Karabo was a young girl during the Rwandan genocide in 1994, and saw her Tutsi father and sisters murdered, and was left for dead herself. Her mother, who was Hutu, fled the massacres, and Karabo was left an orphan, and taken in by her paternal uncle Kamanzi, who raised her as her own. Hearts Among Ourselves is a novel, but reads as a memoir, in such a way that Karabo feels like a real person. And while she is fictional, she IS also real, taken from pieces of everyone who survived the genocide, and lived on to face life after genocide amidst survivors and perpetrators and those in between.
A. Happy Umwagarwa has created a profound novel that is a love story, a coming of age story, but also a deep look into the effects of war and genocide on a population, and how ethnicity designations, hatred, and confusion don’t just go away because the massacres and/or wars are over. The author uses Karabo’s mixed ethnicity as a way to show the reader that there are no just good or just bad sides in Rwandan history and people, but deep beliefs that need to be fully erased before the country can really move on. I thoroughly appreciated this dinsight into Rwanda post 1994, as the country is often celebrated as having performed amazing feats in terms of reconciliation, and I think many of us outside of the country have never thought much about how much effort, pain, and courage this must have taken on the part of an entire population.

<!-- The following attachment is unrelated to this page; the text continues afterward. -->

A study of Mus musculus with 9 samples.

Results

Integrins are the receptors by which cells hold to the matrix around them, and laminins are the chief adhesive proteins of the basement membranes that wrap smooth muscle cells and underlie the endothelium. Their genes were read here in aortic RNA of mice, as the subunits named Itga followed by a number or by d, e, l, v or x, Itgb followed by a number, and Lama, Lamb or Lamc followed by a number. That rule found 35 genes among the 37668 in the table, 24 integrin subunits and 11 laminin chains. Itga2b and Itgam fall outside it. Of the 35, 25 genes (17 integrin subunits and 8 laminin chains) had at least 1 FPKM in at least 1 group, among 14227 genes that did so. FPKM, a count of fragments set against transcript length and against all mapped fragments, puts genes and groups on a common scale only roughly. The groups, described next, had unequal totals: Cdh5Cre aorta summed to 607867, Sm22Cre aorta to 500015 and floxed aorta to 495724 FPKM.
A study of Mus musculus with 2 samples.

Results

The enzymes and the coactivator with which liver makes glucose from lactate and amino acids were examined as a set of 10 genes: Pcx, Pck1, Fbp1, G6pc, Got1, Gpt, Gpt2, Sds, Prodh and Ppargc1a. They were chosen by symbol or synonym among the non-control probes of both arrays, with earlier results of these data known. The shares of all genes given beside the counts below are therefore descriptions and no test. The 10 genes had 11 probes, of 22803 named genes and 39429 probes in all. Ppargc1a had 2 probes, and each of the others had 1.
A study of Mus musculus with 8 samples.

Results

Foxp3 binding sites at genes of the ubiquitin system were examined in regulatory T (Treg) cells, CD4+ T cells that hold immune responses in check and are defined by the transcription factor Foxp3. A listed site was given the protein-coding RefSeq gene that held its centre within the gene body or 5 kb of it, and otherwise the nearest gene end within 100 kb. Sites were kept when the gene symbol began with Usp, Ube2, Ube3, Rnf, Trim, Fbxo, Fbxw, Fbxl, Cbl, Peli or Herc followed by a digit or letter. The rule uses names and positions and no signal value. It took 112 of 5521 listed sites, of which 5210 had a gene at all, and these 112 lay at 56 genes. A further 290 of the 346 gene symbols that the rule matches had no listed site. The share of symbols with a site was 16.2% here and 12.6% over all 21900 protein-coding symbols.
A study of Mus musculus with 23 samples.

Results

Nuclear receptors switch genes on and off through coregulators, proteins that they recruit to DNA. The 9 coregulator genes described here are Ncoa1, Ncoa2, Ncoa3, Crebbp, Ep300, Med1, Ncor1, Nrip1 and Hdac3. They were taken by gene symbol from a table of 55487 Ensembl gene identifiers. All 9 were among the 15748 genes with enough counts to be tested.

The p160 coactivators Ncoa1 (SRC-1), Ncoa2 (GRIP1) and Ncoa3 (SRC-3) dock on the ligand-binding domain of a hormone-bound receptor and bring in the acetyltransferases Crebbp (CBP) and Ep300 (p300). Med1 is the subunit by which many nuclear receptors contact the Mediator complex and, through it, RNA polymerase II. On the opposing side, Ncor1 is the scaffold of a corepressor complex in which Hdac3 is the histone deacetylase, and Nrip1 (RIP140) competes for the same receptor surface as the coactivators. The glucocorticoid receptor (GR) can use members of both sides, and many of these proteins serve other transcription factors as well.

It took me quite a long time to read Hearts Among Ourselves. There were some areas that I found were too drawn out, especially in terms of the never-ending love triangle between Karabo, Shema, and Sugira. There were times when I wanted to tell Karabo to stop hiding, and then I realized I needed to put myself in her shoes, and imagine growing up having seen most of my family murdered by people who had previously been friends, and navigating life and love thinking that her mother had abandoned her to her fate. I really appreciated the insight into how the genocide didn’t come out of nowhere and hasn’t disappeared into the past either, as well as the constant reminder that everyone has had to deal with the consequences in some way or another.
So while the general narrative left me a little bored or perplexed at times, I still feel like the main takeaway from the story as a whole is that we cannot ignore history if we want to move forward, but that we cannot rest stuck to the past either. But that in the end, with hard work and an open heart, reconciliation is possible. And I learnt a lot about life in Rwanda and Rwandan culture, because A. Happy Umwagarwa has a great way of threading everyday life into each page.
Thanks to Netgalley and the publisher for the copy of this book!